Find out if it is safe to return to your property after a flood. Take care as there may be hidden dangers in the flood water like sharp objects, raised manhole covers and pollution. Flood water can also cause structural damage to your property.
When you return to your property:
- don't turn on gas, electricity etc until systems have been checked by suppliers
- don't throw damaged items away until your insurers have inspected them
- throw away food that has been in contact with flood water
- contact your water company if tap water is discoloured or tastes bad
- air your home as much as possible
- get advice on repair work only from registered tradesmen, beware of rogue traders
- contact the National Flood Forum for advice and support from those who have previously suffered flooding
Clearing up after a flood
There are a number of things to be aware of when clearing up after a flood:
- flood water can contain sewage, chemicals and animal waste - you should always wear waterproof outerwear, including gloves, wellington boots and a face mask
- if your electricity supply is not already switched off at the mains, get a qualified person to do this - do not touch sources of electricity when standing in flood water
- if you have gas or oil central heating and it has been checked by an engineer, turn it on
- keep the thermostat between 20 and 22 degrees centigrade for steady drying
- you can get water out of your property using a pump and generator, positioned outside in the open air as generators produce carbon monoxide fumes that can kill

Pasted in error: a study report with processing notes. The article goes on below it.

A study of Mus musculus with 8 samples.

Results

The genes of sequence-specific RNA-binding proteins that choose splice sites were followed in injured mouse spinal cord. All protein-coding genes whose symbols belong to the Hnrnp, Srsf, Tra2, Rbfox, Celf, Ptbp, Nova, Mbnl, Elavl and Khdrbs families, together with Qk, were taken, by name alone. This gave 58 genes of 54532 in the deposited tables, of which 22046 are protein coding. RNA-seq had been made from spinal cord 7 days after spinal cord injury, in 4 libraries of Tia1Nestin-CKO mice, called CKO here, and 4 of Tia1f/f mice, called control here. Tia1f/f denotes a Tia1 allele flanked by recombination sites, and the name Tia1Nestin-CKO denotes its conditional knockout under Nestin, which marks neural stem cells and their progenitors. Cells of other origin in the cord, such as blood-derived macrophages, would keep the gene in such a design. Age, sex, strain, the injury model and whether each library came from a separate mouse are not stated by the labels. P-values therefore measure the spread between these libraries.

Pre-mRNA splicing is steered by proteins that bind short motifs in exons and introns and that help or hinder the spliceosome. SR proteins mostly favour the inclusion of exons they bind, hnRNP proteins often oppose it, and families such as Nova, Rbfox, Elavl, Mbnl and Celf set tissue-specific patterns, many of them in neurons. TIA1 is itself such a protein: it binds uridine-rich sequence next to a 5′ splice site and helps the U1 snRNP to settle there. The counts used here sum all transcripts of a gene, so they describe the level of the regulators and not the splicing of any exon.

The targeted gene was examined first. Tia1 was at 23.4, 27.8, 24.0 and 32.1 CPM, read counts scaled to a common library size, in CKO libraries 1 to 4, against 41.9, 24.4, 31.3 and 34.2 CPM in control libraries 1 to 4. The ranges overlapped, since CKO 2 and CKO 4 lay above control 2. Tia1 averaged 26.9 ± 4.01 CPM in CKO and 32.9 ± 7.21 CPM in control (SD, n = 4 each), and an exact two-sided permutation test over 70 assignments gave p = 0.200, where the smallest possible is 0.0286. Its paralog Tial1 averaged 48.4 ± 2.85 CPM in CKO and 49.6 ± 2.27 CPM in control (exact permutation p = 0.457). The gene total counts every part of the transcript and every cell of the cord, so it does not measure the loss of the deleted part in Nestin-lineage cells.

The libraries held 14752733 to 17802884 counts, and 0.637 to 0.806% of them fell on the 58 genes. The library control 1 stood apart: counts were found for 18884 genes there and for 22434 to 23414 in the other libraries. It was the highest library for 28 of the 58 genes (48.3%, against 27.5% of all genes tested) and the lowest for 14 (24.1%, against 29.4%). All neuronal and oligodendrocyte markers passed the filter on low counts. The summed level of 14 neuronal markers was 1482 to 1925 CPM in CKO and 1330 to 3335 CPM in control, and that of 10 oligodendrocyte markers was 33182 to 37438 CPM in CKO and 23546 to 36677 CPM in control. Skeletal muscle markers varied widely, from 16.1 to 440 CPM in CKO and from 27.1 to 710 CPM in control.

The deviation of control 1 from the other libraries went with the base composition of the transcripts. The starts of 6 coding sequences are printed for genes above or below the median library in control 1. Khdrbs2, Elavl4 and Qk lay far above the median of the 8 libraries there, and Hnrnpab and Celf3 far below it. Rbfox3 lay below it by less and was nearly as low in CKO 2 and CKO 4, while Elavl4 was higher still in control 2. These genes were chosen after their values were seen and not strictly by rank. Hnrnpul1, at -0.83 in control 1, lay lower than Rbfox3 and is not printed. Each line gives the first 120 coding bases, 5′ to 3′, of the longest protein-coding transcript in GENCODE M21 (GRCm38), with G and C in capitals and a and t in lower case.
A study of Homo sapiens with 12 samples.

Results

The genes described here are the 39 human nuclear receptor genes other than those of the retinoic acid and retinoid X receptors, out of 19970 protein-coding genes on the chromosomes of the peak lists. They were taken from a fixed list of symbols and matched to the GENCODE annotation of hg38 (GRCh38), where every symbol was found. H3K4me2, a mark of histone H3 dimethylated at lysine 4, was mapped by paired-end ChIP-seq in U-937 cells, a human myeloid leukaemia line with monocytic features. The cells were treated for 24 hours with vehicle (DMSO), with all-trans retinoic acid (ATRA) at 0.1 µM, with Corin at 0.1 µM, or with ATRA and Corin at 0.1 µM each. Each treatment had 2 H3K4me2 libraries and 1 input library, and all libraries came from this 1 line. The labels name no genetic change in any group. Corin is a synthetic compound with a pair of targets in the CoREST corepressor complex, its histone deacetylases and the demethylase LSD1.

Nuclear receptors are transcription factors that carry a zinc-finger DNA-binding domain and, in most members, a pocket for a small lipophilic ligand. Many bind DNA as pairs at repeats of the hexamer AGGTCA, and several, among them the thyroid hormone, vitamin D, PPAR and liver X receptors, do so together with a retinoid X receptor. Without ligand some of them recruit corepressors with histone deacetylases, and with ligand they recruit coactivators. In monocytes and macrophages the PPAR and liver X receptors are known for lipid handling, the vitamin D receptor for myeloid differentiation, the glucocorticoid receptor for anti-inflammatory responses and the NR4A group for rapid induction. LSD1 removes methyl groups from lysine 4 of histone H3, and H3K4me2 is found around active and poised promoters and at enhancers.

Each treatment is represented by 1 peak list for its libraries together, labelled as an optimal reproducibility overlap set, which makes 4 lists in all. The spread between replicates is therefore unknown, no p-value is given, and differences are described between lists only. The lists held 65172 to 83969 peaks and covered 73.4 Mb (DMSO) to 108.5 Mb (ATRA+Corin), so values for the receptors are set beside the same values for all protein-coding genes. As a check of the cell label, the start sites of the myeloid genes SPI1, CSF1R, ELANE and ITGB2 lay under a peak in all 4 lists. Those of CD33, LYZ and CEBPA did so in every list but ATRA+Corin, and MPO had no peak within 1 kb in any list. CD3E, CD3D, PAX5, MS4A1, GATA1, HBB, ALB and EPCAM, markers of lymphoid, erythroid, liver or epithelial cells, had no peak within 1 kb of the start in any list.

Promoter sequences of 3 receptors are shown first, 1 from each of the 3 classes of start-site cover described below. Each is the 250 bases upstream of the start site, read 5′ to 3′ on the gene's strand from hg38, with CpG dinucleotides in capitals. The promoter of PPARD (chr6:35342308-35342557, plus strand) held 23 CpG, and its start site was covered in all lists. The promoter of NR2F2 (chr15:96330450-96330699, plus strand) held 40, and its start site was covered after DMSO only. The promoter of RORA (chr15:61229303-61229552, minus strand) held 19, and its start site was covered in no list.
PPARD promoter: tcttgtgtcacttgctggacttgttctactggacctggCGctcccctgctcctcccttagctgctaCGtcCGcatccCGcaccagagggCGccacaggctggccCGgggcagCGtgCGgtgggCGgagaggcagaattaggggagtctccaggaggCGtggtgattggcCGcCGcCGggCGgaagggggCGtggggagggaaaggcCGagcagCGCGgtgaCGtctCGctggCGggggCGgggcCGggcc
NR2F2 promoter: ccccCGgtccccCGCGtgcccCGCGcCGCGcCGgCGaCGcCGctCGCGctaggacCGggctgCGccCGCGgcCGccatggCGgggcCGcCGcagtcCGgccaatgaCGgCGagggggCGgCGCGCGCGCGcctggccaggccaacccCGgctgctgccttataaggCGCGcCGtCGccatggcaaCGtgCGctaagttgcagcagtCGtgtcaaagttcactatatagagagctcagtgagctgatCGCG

- only pump out water when flood levels outside your property start to be lower than inside as this reduces risk of structural damage
- shovel mud away evenly from both sides of a wall to stop pressure building up on one side
- you can clean and disinfect your property using ordinary household products
- a garden hose is useful for washing down, but do not use high-pressure hoses as they blast contaminated matter into the air
- if you are drying your property naturally, keep doors and windows open as much as possible
- if you are using dehumidifiers, close external doors and windows
- skips and extra rubbish collections may be provided for items that your insurance company has agreed you can throw away
Call your buildings and contents insurance company as soon as possible. The insurance company will usually send a loss adjuster to look at your property. They will confirm what repairs and replacements are needed and covered by your policy. Ask if they will help pay for repairs that will reduce potential flood damage and therefore reduce costs if it happens again.
If you rent your property, contact your landlord and your contents insurance company as soon as possible.
If you do not have insurance, we may be able to provide information on hardship grants or charities to help you.